More than 20 years later, Dr. Ahmad Moussa Alokl still remembers the infant’s face: her curly brown hair, hazel eyes and fair skin. She looked about eight months old and was unable to breathe.
Moussa was an intern at Ain Shams University Specialized Hospital in Cairo, Egypt. He was working in the emergency room the night the girl came in with severe pneumonia.
“We tried everything to restart her heart. But it didn’t work. It froze my attention on how children need care, children need their parents to know how to care for them.
“It was a turning point in my life. I couldn’t forget this girl.”
From his internship, Moussa went on to build a career in Egypt that has included positions at Save the Children, the Children’s Cancer Hospital Egypt (also called 57357 Hospital), and now the Center for Development Services. But the turning points kept coming.
One night while working an overnight shift in a hospital blood bank, Moussa met a father whose son desperately needed a specific type of blood. Typically, another department ran the necessary tests. But that department was closed. “The father kept begging me: ‘My child is dying.’
“I decided I’m not letting him down.” Moussa ran tests on more than 20 blood units over the next three hours to find a match.
“The appreciation that I saw in the eyes of this father I also cannot forget,” he says. “This was another turning point, proof that I was on the right path and that helping people was the right thing to do.”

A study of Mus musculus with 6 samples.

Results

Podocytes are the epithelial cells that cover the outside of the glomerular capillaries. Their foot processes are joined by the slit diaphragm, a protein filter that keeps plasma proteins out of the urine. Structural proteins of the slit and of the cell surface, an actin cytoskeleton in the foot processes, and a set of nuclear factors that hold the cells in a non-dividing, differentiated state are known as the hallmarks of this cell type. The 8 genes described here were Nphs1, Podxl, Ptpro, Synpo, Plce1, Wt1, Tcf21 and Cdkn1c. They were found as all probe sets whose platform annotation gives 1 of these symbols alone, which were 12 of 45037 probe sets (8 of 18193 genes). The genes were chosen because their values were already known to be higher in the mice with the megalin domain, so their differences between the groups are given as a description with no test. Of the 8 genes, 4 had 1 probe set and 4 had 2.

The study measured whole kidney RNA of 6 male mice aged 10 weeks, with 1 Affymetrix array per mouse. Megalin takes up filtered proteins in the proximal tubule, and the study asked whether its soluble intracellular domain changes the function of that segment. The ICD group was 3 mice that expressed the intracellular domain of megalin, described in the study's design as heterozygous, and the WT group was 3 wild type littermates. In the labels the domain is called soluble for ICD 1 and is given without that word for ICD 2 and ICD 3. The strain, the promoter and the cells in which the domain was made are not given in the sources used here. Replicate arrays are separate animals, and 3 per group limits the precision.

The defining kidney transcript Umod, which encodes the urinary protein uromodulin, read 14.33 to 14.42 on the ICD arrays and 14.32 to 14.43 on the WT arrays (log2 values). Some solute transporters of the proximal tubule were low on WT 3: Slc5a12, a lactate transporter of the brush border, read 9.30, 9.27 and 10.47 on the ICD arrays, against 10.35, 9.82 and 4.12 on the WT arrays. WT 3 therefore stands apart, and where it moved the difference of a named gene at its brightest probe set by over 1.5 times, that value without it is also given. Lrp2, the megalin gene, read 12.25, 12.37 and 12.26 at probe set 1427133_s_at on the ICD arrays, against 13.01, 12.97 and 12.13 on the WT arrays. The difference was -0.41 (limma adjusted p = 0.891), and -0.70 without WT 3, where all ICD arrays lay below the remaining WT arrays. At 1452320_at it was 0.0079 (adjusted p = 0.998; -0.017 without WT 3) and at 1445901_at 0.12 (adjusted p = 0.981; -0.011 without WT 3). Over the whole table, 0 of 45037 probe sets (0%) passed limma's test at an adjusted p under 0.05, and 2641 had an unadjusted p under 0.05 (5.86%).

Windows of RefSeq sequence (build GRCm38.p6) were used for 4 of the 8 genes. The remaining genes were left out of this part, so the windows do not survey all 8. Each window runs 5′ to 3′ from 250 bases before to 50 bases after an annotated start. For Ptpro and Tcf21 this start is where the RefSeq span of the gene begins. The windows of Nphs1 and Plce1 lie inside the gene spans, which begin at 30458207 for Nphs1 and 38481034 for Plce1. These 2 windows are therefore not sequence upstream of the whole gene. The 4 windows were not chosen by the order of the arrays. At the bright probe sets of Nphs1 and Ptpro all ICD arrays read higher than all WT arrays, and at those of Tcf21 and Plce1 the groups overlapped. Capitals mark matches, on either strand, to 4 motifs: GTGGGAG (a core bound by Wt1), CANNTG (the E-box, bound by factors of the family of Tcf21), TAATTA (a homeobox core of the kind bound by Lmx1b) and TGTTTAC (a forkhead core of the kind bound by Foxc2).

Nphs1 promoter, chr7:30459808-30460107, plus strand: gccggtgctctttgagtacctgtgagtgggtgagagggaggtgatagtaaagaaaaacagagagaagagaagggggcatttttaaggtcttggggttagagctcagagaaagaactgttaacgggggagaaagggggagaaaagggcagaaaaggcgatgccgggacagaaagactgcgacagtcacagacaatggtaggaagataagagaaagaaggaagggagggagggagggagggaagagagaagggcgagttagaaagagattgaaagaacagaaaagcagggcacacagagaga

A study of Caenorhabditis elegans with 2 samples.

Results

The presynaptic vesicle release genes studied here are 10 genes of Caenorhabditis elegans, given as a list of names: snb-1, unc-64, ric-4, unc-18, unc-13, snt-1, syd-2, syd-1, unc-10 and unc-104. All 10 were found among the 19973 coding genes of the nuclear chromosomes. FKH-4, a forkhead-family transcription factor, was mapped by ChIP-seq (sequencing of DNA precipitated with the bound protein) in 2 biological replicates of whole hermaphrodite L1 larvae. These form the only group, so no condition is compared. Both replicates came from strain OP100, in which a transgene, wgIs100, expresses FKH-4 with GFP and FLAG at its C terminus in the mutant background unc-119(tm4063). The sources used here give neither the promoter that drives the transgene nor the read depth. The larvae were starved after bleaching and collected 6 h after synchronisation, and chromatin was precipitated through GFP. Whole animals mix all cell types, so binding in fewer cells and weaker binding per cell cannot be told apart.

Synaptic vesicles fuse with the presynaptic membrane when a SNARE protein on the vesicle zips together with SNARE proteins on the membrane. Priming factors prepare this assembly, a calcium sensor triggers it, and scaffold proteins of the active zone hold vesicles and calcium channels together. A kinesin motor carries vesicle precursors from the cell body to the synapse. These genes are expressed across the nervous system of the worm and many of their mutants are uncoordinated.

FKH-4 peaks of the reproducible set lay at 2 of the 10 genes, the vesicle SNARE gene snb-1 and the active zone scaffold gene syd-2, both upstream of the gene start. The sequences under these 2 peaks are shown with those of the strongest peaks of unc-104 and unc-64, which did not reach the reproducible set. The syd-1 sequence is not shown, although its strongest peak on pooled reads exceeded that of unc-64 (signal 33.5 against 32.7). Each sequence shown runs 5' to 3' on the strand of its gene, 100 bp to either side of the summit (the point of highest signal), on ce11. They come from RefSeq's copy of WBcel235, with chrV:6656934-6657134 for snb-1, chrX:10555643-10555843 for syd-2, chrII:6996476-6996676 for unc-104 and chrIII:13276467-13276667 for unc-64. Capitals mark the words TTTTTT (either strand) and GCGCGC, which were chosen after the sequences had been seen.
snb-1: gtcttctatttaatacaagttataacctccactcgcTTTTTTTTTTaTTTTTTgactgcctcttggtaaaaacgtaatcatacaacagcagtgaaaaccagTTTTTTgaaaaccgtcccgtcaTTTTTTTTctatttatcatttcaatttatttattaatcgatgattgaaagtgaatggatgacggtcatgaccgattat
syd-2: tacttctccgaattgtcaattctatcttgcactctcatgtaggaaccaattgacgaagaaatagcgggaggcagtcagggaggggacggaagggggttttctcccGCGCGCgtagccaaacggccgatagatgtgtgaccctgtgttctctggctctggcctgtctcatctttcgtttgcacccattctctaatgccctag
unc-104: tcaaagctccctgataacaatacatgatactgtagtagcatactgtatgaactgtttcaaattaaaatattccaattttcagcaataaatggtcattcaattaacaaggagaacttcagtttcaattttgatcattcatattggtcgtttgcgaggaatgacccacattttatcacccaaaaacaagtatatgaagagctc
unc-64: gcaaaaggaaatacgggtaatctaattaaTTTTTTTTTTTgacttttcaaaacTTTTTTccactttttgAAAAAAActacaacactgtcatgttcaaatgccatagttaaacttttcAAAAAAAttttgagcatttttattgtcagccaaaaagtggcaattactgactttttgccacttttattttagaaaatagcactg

In 2011, Moussa considered working in Saudi Arabia. But four days before his flight, he felt pulled back. “I had this feeling that I would not be happy,” he says. “I didn’t want to spend my life without a cause.”
He joined Save the Children instead. Moussa’s work took him to rural areas where he focused on educational health initiatives there.
Following Save the Children, Moussa joined the 57357 Hospital, which works with pediatric cancer patients. He considers the decision to be the third turning point in his career. “Helping children with cancer was something that I really admired,” he says.
Moussa is now with the Center for Development Services, a private consulting firm. He oversees projects in areas such as family planning, sexual and reproductive health, occupational health and health systems. It’s work that he’s hoping to complement with his Master of Science in Global Child Health studies from the St. Jude Children’s Research Hospital Graduate School of Biomedical Sciences.
As part of his Global Scholars Project, Moussa is analyzing mortality rates in Egyptian children younger than 5 years old. His goal is to make sustainable and equitable reductions in the mortality rate.
“Most of the child survival programs and interventions to lower mortality still speak to the conventional causes of death, pneumonia and diarrhea,” he says. “I thought of looking into the emergent causes of under-5 mortality in Egypt, and the socioeconomic determinants of these causes. I hope the results will help us design new interventions.”
Turning point by turning point, Moussa’s journey kept him working to help young children like the baby girl in the emergency room during his internship.